Braille Monitor                                                                  October 1985


Self-Respecting Blind Athlete Rejects
Second-Class Sports Classification

by Marc Maurer

Carl Nimis, a runner from Minneapolis, Minnesota, reports that in the Boston Marathon held in April of this year, special qualifying times for blind runners were established.

For the sighted, the qualifying time is two hours, fifty minutes. The qualifying time for blind runners is three hours, thirty minutes. The Marathon, a 26.2 mile race, is a test of physical fitness, stamina, and endurance. Carl Nimis, who is blind, has qualified more than once using the regular times.

Athletes in the Boston Marathon are expected to check a blank on the entry form if they are blind. Once this is done, those athletes are automatically categorized as blind and expected to perform according to the special rules established for blind runners.

Blind runners begin the race ten minutes before everyone else. Marathon officials say this is necessary so that blind runners will have a clear roadway. They also say that the blind runners must be segregated from other runners because they might be a safety hazard for other faster runners.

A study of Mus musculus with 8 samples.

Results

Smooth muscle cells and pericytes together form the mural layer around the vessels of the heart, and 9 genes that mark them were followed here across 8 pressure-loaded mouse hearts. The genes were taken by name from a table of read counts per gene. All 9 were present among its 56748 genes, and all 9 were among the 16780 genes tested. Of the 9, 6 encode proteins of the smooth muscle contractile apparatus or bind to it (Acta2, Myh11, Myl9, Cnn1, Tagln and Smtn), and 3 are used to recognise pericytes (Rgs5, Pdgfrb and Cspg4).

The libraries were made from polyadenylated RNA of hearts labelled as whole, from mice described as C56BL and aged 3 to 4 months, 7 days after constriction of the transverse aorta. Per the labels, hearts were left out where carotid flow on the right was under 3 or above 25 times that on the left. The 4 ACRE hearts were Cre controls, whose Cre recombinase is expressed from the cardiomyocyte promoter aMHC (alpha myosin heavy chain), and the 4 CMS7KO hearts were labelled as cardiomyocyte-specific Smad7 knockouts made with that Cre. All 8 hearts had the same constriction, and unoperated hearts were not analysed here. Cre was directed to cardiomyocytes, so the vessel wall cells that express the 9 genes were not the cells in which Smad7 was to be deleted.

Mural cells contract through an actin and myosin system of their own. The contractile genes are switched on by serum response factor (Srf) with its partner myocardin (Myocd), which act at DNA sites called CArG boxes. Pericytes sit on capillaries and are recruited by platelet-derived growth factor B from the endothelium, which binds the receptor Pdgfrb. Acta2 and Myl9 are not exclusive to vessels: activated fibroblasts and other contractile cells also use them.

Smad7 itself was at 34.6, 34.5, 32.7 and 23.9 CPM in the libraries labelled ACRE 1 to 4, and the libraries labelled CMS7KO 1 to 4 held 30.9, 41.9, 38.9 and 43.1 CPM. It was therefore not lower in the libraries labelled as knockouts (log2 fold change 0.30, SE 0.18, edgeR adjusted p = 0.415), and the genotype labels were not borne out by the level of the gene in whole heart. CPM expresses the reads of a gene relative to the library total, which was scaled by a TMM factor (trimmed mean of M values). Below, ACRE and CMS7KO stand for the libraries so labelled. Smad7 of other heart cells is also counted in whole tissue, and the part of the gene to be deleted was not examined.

Carl Nimis has entered a number of races without checking the blank for blindness on the entry form. He runs the race according to the standard rules, and he runs along with the sighted. Two race directors have complained that he should not have been a part of the major race and should have run in the segregated race for blind athletes. However, Carl refuses to do this. He insists that the standard established for all other runners must apply to him. He insists that he can compete on terms of equality with sighted runners.

Because of the special rules for the blind, race officials and the members of the press automatically assume that Carl's time in the Marathon is close to three hours and thirty minutes. Because some blind people have asked for extra time and special treatment, all blind runners are assumed to be less capable and less competent than their sighted counterparts. Carl Nimis is doing what he can to change this image and demonstrate the competence of blind people to perform as athletes without special rules.